CHICAGO -- After playing on Sunday night in Boston, most of the Cubs didn't settle into their beds until around 5 a.m. CT Monday. Most could sleep in until the afternoon, but Miguel Montero had a matter he's been waiting months to take care of.The 33-year-old catcher, along with his
CHICAGO -- After playing on Sunday night in Boston, most of the Cubs didn't settle into their beds until around 5 a.m. CT Monday. Most could sleep in until the afternoon, but Miguel Montero had a matter he's been waiting months to take care of.
The 33-year-old catcher, along with his wife, Vanessa, became an American citizen on Monday.
"I needed to be there at 9," Montero said. "I probably went to bed at 5, 5:15 and woke up around 8. Then I went to do the test and went right after to get my passport. Then after that, I came straight to the field.
"I was so tired; I think that was the key. I didn't have time to get nervous about it."
The native of Venezuela had been a resident alien of the United States for six years, but he felt it was time to become a full citizen. He worked toward that goal for eight months and studied full-time for the test over the last month.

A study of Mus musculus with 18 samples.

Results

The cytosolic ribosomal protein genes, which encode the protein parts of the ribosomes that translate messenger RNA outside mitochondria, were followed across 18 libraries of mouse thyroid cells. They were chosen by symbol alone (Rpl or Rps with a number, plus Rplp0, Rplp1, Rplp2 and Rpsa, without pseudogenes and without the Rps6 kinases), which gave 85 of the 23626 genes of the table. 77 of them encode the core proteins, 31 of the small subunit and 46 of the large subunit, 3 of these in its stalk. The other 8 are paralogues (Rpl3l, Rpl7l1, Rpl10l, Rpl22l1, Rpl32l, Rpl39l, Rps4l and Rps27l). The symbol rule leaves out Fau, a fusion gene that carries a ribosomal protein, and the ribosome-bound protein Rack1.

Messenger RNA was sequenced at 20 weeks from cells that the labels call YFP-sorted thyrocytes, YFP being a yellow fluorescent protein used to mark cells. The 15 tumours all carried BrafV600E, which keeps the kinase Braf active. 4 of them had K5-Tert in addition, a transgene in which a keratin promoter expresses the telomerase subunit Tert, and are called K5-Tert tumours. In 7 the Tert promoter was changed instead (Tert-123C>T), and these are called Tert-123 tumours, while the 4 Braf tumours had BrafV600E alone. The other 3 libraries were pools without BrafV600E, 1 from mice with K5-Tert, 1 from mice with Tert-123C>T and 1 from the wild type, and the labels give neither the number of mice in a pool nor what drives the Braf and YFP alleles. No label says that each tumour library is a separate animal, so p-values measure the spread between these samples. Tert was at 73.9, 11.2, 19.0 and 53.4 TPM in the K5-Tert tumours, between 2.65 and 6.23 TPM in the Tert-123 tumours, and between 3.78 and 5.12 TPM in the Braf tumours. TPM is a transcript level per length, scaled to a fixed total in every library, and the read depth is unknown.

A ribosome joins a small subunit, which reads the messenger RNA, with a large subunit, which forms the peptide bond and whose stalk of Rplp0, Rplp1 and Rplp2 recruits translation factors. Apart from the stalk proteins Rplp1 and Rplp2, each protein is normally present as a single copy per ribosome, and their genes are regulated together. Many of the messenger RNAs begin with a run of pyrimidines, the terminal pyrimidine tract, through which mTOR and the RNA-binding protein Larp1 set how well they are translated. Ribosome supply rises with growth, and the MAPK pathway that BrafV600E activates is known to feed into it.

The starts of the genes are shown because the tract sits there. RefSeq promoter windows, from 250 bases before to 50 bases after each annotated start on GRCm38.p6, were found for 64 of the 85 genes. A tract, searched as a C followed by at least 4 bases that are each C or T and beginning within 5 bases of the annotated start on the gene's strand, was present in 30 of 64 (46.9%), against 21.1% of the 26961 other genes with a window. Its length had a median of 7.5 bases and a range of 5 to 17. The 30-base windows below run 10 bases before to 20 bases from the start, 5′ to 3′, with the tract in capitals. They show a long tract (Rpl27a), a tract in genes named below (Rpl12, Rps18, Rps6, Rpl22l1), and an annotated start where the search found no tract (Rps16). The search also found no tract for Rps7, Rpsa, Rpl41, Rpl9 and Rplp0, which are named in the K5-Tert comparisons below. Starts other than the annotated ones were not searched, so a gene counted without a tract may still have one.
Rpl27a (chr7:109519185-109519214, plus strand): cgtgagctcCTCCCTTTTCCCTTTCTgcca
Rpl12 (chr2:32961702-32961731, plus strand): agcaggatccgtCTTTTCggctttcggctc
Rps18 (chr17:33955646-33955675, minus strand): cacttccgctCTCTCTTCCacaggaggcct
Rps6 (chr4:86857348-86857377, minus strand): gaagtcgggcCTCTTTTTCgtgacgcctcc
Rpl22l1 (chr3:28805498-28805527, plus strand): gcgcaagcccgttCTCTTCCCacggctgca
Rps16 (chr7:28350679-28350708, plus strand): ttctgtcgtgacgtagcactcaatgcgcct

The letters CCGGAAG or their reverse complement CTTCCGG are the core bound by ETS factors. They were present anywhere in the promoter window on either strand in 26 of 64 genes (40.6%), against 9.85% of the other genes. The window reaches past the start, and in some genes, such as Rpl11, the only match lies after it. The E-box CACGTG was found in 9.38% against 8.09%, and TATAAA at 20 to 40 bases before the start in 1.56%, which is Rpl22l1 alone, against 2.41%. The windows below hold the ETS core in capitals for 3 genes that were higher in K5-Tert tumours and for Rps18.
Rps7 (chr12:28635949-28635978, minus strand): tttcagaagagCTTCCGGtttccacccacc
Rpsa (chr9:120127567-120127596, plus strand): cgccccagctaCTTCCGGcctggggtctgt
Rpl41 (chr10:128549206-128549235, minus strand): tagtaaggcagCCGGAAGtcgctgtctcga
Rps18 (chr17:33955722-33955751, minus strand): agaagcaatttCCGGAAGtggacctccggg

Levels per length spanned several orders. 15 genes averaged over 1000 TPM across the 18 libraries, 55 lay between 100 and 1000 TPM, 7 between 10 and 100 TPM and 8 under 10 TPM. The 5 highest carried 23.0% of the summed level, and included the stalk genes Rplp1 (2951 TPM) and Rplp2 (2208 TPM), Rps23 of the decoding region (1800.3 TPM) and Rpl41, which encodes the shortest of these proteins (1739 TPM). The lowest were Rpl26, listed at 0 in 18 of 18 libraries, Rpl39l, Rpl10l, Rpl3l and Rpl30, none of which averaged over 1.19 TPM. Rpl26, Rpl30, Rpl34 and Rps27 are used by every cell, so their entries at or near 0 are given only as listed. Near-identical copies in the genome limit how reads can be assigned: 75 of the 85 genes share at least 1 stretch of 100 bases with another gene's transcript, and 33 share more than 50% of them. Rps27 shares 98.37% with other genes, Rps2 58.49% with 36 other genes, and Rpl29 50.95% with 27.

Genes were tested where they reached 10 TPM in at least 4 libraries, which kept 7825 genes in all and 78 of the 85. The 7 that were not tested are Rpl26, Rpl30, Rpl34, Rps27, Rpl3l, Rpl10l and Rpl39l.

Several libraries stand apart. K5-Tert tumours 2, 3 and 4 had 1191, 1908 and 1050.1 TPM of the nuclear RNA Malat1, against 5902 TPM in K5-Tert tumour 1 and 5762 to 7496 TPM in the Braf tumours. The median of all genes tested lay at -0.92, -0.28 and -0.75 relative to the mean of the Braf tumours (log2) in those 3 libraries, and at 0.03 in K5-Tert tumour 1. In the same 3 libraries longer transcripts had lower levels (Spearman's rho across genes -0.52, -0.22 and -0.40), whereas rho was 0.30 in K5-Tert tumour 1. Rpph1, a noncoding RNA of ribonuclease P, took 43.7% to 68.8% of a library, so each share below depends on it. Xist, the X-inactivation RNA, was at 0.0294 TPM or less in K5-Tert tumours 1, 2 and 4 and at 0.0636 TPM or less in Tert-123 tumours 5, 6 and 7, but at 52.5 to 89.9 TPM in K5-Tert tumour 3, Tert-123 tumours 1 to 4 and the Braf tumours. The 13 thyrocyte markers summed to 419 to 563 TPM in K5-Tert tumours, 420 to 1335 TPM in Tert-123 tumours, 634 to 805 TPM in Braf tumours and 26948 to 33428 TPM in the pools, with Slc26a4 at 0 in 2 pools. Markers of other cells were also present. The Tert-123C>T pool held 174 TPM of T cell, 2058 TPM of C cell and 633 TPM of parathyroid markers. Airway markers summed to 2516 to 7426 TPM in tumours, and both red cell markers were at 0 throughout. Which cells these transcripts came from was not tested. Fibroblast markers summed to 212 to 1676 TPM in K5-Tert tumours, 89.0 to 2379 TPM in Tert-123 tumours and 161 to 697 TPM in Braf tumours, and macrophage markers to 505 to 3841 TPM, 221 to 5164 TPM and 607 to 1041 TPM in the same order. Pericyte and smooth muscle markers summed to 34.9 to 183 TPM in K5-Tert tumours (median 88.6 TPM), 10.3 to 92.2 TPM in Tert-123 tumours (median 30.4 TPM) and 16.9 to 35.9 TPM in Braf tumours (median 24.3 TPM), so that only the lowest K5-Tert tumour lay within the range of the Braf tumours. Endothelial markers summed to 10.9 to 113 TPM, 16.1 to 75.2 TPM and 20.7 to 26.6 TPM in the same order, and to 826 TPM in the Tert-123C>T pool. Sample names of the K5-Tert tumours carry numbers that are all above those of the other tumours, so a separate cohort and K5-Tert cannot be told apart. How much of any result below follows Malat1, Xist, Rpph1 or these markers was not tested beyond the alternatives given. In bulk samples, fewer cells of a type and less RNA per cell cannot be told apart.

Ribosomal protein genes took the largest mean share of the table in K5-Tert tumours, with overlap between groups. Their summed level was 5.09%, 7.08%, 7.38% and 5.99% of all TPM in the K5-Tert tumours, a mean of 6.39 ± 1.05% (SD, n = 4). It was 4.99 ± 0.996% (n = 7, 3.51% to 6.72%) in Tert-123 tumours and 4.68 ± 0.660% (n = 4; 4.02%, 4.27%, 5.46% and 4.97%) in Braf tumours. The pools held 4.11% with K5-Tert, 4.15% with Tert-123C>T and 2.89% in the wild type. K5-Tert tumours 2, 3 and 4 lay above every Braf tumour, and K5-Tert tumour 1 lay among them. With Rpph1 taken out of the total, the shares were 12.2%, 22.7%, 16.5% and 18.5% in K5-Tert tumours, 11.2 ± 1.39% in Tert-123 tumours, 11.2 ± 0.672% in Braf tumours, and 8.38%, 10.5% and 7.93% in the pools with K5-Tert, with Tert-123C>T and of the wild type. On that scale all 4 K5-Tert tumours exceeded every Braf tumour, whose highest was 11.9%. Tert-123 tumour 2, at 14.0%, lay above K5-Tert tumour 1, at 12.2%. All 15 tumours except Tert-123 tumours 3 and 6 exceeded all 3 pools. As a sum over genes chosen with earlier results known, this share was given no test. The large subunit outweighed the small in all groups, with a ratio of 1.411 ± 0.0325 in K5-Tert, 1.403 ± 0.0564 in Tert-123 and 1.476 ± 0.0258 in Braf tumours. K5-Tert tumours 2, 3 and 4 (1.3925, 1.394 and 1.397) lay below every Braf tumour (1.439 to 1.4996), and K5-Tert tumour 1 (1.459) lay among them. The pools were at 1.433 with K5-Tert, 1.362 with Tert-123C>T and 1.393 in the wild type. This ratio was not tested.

"It's a pretty exciting moment for my family and I," he said.
His Cubs family helped as well, as Montero would run some of the questions by his teammates to see how much they knew.
"The guys here, they helped me a lot," he said. "I always practiced the test with them to see if they were capable of passing the test or not. I'll tell you, half of this team, they weren't capable of doing it."
Montero got to cap his day by playing the final two innings of the Cubs' 10-2 loss to the Phillies at first base, his first appearance there since 2004. Before that his new citizenship was announced on the Wrigley Field scoreboard, and he received a big ovation.
"It was great; I really appreciate it," he said of the crowd reaction. "I know they're happy for me and my family. I'm so blessed in my career and life."
John Jackson is a contributor to MLB.com based in Chicago.